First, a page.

Background Malaria remains a public health problem in sub-Saharan Africa, especially amongst children and pregnant women. Artemisinin-based combination therapy (ACT) is now the treatment of choice. Adverse drug reactions (ADR) have been observed to ACTs. This study aims to determine the incidence, pattern of presentation and factors associated with ADRs to artemether-lumefantrine (AL) and artemisinin-piperaquine (AP) among children with acute uncomplicated malaria in Ibadan, Nigeria.
Methods Children aged 2–10 years with acute uncomplicated malaria who met the inclusion criteria, were enrolled, randomised to receive one of the study drugs (AL or AP) and followed up for 28 days. Monitoring for ADR was based on history from the parent/guardian and/or child regarding occurrences of treatment emergent signs and symptoms and on abnormalities of laboratory investigations (full blood count and blood chemistry). Causality assessment for the ADR was by the Naranjo algorithm scale while the severity was assessed using the Hartwig’s severity scale.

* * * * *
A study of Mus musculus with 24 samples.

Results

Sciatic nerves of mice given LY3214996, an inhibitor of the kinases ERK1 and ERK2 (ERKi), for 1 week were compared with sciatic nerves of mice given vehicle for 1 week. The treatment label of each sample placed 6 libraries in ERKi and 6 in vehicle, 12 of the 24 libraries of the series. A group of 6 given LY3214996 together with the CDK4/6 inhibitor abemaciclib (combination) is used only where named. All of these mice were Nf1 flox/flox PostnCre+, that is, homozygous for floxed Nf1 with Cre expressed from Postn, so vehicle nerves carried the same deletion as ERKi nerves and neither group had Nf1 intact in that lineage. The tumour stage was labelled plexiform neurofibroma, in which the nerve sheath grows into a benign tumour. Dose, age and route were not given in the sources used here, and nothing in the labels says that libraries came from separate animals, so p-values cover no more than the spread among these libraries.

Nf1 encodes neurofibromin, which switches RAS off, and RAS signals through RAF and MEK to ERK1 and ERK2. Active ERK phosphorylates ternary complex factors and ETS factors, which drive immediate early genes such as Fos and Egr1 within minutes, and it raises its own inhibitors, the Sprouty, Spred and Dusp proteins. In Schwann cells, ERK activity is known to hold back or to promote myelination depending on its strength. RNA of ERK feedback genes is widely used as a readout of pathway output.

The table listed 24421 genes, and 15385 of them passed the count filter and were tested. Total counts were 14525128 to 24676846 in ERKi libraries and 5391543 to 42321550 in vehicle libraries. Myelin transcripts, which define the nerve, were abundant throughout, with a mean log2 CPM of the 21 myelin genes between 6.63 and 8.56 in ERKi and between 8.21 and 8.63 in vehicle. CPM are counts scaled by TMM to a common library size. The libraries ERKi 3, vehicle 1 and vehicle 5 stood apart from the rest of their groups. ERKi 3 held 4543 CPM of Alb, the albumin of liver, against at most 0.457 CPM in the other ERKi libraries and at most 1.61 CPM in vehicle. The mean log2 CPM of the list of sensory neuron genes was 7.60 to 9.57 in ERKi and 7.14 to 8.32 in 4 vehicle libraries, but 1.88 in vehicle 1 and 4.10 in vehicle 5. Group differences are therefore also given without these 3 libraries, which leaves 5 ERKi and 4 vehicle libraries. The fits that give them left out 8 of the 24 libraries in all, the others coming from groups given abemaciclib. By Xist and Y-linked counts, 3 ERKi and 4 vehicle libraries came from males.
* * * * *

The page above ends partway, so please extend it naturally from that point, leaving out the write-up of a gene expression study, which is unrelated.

Results A total of 114 children were enrolled; six defaulted and were not available for follow-up. There were 61 (56.5%) males. The mean age of enrollees was 65.1±30.0 months. Fever was the most prevalent presenting complaint occurring in 108 (100%) enrollees. Observed ADRs were cough, diarrhoea, loss of appetite, abdominal pain, rash, fever, irritability, insomnia and headache but the differences were not statistically significant between the two groups. The incidence of ADR to both ACTs was 12/1000 patients per day. Prevalence of ADR to AL was 14% and for AP 11%; this was not statistically significant. All ADRs were mild. No notable associated factor to ADR was detected in this study.
Conclusion Both AL and AP were found to be safe in the study population.